The Financial Conduct Authority is planning to increase innovation in the investments and pensions space by adapting and expanding its sandbox.
Speaking at the CDO Exchange yesterday (November 6), the City watchdog’s director of innovation Nick Cook said he was “pretty content” with the achievements of the sandbox project but added it was important not to “rest on the laurels” of this work.
He said the market had seen new offerings and players entering some areas of the market, such as in retail banking, but said there were “significantly fewer offerings” from the asset management and retirement savings sectors.
Mr Cook told the conference: “The simple reason for this may be that the sandbox isn’t really relevant to their needs. That it doesn’t offer supply to a demand.
“But this leads to the question – do we need to make certain enhancements to our services to broaden their relevance and appeal?
“Do we have to adapt the model to ensure it is fit for more purposes and needs than it currently is?”
Mr Cook said the regulator was looking to broaden the variety of firms and products using the sandbox in the sixth cohort as well as use technology such as "algorithms" and "modelling and scenario simulation".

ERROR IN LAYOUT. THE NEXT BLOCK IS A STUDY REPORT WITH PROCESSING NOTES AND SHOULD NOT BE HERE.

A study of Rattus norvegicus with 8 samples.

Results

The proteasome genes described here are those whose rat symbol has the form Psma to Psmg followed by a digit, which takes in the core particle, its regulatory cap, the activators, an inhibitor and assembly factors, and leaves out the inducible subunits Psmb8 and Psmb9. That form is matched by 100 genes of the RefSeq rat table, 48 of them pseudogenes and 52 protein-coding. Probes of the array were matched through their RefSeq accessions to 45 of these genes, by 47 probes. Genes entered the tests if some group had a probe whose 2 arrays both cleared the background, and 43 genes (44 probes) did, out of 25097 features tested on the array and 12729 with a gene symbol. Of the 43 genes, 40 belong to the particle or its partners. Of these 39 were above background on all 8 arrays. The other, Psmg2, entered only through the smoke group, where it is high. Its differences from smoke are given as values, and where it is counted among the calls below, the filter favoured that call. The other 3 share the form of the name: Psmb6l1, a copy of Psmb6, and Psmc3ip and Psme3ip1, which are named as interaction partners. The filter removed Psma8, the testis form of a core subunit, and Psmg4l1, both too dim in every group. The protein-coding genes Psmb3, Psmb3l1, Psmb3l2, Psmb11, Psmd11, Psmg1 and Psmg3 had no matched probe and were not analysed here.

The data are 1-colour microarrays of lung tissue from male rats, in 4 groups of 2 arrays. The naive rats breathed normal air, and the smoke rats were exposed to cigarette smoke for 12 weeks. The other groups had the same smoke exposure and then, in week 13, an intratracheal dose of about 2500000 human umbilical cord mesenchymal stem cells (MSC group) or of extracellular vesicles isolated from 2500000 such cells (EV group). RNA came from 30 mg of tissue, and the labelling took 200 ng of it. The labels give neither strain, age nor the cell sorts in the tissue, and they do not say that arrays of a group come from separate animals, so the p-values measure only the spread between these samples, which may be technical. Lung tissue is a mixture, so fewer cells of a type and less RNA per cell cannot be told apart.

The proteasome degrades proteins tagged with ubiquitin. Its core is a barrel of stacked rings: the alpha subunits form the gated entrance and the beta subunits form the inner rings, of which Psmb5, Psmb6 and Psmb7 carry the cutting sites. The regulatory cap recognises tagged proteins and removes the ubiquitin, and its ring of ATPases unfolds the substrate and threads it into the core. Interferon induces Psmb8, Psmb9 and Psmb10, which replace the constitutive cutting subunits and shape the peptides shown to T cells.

He said: “This is basically a fancy way of saying that we’d like to see how graph analytics, behavioural science and deep learning can be used to better model relationships, connections and behaviours in financial markets. And to then test various simulations and scenarios against these models.”
Mr Cook also noted that the FCA needed to adjust some of the ways it had “traditionally thought and acted” as it needed to “embrace innovation in order to shape it”.
He added: “We should be aware that standing still is effectively running backwards so continually look to improve the services we offer.
“In this age of rapidly developing and accelerating change in financial services, it’s important for regulators to understand that technology is both the architect of, but also the solution to, the new challenges we face.”
The FCA’s regulatory sandbox launched in 2015 to allow businesses to test innovative products, services and business models without facing the usual regulatory consequences while appropriate protections are in place.
A number of companies have trialled or launched robo-advisers through the sandbox’s advice unit, such as Standard Life Aberdeen and Evalue.
The cohort focuses on firms who address issues around access and vulnerability, a greener economy and ‘regtech’.